June 12th, 2003, 03:40 AM
I am currently in the process of designing a kiosk system for a company I work at. This kiosk is very basic and will consist of a few web/html files providing general business and consumer information. It will be designed just as a normal website, except it will be running on an independent winxp box within the store.
Alrite .. my problem starts when I come to designing my feedback/suggestion form page. I've done my research on google and around this site and I have come up with a few topics such as cgi and .hta tutorials. It is all getting pretty complicated now for a novice as myself.
I just need to have one suggestions box to be filled out by the user and would like it to be saved to a .txt or some format of a file on the HD, that can be viewed by an employee at a later date. Is there an easier way that I haven't found ?? or do I have to start doing my research into cgi and getting a script to perform the file operations necessary.
any help would be greatly appreciated.
June 12th, 2003, 04:47 PM
One thing that's great about the slew of new web technologies that have exploded in the last few years is you now have many different options on how to do something. What you are describing is a simple textarea form at it's most basic, and there are many solutions at your disposal. If you are a novice to web development that can hinder you a bit, but you should still have a few choices.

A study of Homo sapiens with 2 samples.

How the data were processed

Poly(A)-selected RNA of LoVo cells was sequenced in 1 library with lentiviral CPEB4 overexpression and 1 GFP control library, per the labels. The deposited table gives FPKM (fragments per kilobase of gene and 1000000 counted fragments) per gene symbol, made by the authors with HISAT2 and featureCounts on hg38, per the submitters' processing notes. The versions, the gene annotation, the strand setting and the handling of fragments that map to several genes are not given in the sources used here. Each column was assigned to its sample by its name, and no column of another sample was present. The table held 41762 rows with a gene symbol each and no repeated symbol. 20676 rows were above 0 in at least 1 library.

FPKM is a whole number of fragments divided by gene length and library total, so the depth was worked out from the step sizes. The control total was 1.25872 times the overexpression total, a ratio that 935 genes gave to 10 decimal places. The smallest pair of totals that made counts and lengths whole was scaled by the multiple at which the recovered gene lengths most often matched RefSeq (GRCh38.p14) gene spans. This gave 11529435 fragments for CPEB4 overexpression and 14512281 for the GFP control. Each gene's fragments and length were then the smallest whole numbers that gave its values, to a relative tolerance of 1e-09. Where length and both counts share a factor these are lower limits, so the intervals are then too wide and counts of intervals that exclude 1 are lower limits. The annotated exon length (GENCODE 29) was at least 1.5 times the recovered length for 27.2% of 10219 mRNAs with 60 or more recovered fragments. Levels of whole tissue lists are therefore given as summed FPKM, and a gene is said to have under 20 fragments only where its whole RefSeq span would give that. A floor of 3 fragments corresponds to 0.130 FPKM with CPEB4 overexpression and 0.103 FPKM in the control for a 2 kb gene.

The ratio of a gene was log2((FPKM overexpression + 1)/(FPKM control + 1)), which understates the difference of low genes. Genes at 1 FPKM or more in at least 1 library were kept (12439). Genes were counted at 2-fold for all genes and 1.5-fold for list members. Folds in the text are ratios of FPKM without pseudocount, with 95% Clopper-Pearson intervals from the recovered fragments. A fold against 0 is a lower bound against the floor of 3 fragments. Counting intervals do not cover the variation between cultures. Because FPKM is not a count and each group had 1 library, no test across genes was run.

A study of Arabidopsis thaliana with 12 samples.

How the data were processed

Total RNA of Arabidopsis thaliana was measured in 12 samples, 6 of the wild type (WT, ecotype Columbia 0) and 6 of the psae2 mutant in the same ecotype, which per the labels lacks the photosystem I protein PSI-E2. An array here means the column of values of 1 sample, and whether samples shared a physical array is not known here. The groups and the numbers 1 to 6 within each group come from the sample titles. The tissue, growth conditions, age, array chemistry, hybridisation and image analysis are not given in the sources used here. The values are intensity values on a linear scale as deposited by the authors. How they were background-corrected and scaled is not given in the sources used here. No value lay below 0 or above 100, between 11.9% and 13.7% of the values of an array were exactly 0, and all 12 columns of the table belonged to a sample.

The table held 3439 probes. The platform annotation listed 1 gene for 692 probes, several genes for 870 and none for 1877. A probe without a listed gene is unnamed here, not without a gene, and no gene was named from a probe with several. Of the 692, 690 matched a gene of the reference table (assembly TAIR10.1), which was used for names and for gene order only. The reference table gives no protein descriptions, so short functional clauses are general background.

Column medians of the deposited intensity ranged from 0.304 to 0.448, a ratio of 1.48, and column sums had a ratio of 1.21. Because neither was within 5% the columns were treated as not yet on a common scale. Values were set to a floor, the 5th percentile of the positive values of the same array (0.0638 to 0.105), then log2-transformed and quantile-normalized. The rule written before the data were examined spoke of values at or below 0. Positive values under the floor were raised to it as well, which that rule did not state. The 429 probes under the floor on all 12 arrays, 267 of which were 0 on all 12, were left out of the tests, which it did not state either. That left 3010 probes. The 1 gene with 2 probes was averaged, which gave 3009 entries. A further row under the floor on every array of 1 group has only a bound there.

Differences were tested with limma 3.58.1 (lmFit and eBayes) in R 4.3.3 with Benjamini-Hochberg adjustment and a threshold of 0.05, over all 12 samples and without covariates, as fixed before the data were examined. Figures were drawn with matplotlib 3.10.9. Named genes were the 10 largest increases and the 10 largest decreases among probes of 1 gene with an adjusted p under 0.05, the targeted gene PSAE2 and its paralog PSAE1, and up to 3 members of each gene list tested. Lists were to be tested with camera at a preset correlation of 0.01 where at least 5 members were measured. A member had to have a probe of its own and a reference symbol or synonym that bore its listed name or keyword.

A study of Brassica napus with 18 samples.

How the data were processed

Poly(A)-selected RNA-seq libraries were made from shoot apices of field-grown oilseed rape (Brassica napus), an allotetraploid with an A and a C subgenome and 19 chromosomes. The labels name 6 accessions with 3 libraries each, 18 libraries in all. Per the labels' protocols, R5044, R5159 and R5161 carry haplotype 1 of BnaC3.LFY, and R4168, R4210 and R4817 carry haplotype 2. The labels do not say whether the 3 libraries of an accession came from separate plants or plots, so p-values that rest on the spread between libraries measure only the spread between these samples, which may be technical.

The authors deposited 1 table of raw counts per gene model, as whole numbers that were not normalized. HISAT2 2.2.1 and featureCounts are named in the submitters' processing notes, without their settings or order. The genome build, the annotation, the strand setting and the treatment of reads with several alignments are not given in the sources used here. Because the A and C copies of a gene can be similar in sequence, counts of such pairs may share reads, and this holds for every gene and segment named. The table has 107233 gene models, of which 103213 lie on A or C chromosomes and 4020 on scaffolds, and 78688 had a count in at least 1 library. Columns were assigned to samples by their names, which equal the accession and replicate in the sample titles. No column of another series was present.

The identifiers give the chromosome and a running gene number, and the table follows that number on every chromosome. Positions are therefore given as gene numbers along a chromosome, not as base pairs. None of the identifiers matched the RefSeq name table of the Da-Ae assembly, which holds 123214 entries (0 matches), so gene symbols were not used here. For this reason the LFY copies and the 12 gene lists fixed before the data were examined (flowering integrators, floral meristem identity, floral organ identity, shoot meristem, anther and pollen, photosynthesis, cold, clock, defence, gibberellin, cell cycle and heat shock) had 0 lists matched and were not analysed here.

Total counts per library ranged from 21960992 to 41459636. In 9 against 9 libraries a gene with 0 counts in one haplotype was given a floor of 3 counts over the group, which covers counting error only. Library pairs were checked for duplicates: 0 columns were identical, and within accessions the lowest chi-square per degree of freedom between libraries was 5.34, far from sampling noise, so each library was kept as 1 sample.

First, if you have ANY programming experience (perl, shell, java, c/c++, etc...), a CGI script to handle the text submitted by a user might be the simplest way to go. You can write a CGI script in nearly any language that is supported by your web server. When a user submits a form to a CGI script using method POST, the form data is submitted like this:
Just write a CGI script to handle that data however you want, and you'll be good to go. Easier said than done, but many languages now have built-in methods of communicating with Web Browsers. Perl and Python jump to mind as popular ones.
Besides writing a CGI script to handle the form, you could also use PHP. Again, this is a programming language, but PHP uses a different mechanism for execution, and it gives the web developer a bit of an advantage. You don't have to be running a web server that supports CGI to run PHP, as PHP is embedded into each web page and is executed on the loading of the page. PHP has fast access to email and the filesystem so it's a good choice for what you're trying to accomplish.
However, if you're really new to all this web development, you may want to use one of the many existing scripts out there that have already been written. Here are a few links to help you out depending on what your server will allow (some web servers disallow CGI scripts, and some web servers cannot handle PHP. find out from your admin about yours):
PHP Form Processors:
CGI From Processors:
http://www.scriptarchive.com/ -- (careful with this one...some claim these scripts are VERY insecure)
Good luck. PM me if you need any further assistance.
/* You are not expected to understand this. */
June 12th, 2003, 07:33 PM
whenever i use post forms i do most of my coding in cold fusion jsut cause it is easy and quick... but i think that the best choice is php if you want to take the time to learn it.
Learn like you are going to live forever, live like you are going to die tomorrow.
June 12th, 2003, 10:49 PM
thanks for all the info guys .. I was lookin at a few of the cgi scripts out there and actually found a few nice ones.. not sure on the implementing process tho ... think I will start up on my reading with PHP also and check out which one would be easier for me ..
don't have much time left, need the project completed by the end of this month.
P.S Roswell i mite just take you up on that offer. greatly appreciated.